J.Drew Sheard II: I Did It My Way

J. Drew Sheard. Photo: Kory Woods

Frank Sinatra once crooned, “I’ve lived a life that’s full. I’ve traveled each and every highway. But more, much more than this, I did it my way.”
John Drew Sheard II, who goes by the name J.Drew, can relate. The 28-year-old music producer, R&B artist, and songwriter, was born into music royalty and has been involved in the music business more than half of his life. 
Sheard’s grandmother is the late gospel choir director Matie Moss Clark and his mother is Karen Clark Sheard of the world-renowned gospel group The Clark Sisters. Grammy Award-nominated gospel singer Kierra Sheard is his sister and his father Bishop John Drew Sheard Sr., pastors Greater Emmanuel Institution Church of God in Christ in Detroit.
You could say that he was destined to have a career in gospel, whether musically, following in the footsteps of his grandmother, mother, aunts, and big sister or teaching the gospel like his father. Instead, Sheard chose to blaze his own trail and do things his way.
“My parents definitely taught me to be humble and go hard at whatever I did,” said Sheard. “On our BET show, they kind of made it seem like my dad was forcing me to be a preacher but that was just for television.”
“My dad is not even like that and he is well aware of who I am and what I do. He just wanted me to not get too far out of the lines, to where I lost myself. Both of my parents support my career path.”
Growing up in a musical and religiously prominent family, gospel music surrounded Sheard, whether it was at his father’s church or hearing his mother and aunts sing to the heavens. Gospel music will always be in his bloodline. It is where he got his first taste of the business, producing his sister’s debut album when he was just 14.
But hip-hop and R&B was his first love and something he could not escape. Before he received his first drum machine as a child, Sheard was linking karaoke machines together to make R&B beats. Secular music has been his passion since he first heard it, even if people on the outside looking in did not agree with it because of his family’s legacy.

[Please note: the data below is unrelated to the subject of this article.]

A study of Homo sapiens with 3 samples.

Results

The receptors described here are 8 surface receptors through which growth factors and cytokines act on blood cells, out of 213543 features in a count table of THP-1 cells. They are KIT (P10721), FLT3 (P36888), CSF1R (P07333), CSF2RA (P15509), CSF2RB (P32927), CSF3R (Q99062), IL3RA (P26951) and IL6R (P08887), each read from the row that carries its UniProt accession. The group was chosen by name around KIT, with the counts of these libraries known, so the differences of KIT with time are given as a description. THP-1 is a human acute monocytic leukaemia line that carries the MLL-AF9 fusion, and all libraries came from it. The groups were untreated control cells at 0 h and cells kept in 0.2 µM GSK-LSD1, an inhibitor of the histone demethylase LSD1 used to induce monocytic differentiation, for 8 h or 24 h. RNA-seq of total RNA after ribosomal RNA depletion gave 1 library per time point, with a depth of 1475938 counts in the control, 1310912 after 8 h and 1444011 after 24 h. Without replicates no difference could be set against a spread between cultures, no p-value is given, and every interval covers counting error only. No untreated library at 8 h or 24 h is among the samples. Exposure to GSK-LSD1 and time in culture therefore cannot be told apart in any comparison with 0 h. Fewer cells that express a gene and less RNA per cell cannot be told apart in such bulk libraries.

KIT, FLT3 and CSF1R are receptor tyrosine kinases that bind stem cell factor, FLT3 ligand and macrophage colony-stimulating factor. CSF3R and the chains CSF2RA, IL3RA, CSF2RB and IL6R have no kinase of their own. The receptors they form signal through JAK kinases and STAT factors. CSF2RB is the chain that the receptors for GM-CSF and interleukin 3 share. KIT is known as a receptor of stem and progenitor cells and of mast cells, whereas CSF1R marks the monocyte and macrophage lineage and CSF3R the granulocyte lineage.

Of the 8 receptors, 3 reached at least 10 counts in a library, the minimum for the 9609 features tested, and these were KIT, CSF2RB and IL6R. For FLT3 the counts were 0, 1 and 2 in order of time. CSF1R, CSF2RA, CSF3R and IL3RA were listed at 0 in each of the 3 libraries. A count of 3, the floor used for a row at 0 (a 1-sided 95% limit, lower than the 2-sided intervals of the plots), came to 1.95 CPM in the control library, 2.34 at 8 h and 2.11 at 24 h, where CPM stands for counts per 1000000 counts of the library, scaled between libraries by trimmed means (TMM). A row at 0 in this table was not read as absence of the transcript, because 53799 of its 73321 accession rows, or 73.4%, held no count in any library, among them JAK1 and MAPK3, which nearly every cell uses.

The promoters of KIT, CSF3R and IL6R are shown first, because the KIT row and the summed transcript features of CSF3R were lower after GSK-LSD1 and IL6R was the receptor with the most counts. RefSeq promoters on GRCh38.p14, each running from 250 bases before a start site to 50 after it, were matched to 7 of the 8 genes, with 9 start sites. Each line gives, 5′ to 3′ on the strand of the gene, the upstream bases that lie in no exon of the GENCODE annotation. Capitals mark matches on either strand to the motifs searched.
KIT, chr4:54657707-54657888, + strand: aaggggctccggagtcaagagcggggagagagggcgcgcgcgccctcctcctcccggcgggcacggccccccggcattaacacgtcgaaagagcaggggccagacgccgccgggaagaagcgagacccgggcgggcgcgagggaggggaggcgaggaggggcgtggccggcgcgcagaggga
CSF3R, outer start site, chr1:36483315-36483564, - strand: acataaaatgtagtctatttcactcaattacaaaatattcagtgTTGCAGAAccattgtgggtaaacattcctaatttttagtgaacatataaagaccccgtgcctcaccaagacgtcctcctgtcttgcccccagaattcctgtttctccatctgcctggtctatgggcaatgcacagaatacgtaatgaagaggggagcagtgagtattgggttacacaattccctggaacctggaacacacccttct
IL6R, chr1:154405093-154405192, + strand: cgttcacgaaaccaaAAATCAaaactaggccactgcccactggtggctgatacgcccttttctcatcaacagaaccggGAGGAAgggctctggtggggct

“When I first started, the first type of music I was doing was R&B and hip-hop music,” said Sheard. “I can even remember my dad playing Stevie Wonder and Earth, Wind, and Fire in the house, or riding in the car, and I liked that kind of music. A lot of the backlash I received came from people outside of my family but I never cared about that. I’m building something great and my family supports me.”
J. Drew Sheard. Photo: Kory Woods

When Sheard was a senior at Marvin A. Winan’s Academy of Performing Arts in Detroit, he was a standout on the basketball team and scored 53 points in his final high school game in 2008. He contemplated on taking a full-ride scholarship to play at Kentucky State University, walk on to a team at a school in Detroit, or pursue his music full-time. Then super producer Pharrell Williams gave him a call.
“One of my friends was playing my beats on Pharrell’s tour bus when I was in high school,” said Sheard. “Pharrell heard it and asked who I was. They told him who I was and he wanted to meet me at his next show. I went to the show and gave him one of my CDs. Jay Jackson was the A&R for Star Trak Entertainment at that time and he called me a few months later to tell me that Pharrell wanted to sign me as the first producer on his label.”
“I was a freshman in college when I got that call and I decided to sign with Pharrell. That was nothing but God telling me to go into music and to take my passion seriously.”
Sheard said he is not trying to separate himself from the family business, rather create his own lane and legacy for his own two children. His parents founded Karew Records (Karen and Drew) in 2009 and decided to pass it on to their son. It started off as a gospel label but has since been rebranded into an entertainment company. Karew Entertainment now specializes in clothing, music, and film, which is all a part of Sheard’s journey to carry on the Sheard name in his own way.
“I want to build my own legacy, how my dad, The Clark Sisters, and my sister built theirs,” said Sheard. “That’s what I am in the process of doing now. I have two kids and I don’t want my kids to go off what my mom and dad did. I want them to know what their dad did. Yes, I come from a famous family but I have begun the process of creating my own name and brand.”
Sheard is being honored by the Michigan Chronicle as a 40 Under 40 Trailblazer April 20, 2018, for his accomplishments in the music and entertainment industry. Life may not have taken him down the road many expected him to but he is blossoming into one of the top musical producers and businessmen in his age bracket.
“It means everything to me,” said Sheard. “I was born and raised here and my heart is in Detroit. As a musician, I’ve traveled all over the world but I always kept a passion for the city, no matter what country I went to. Just being able to receive this award for all the work that I’ve put in up to this point is a huge honor and just as exciting as winning a Grammy.”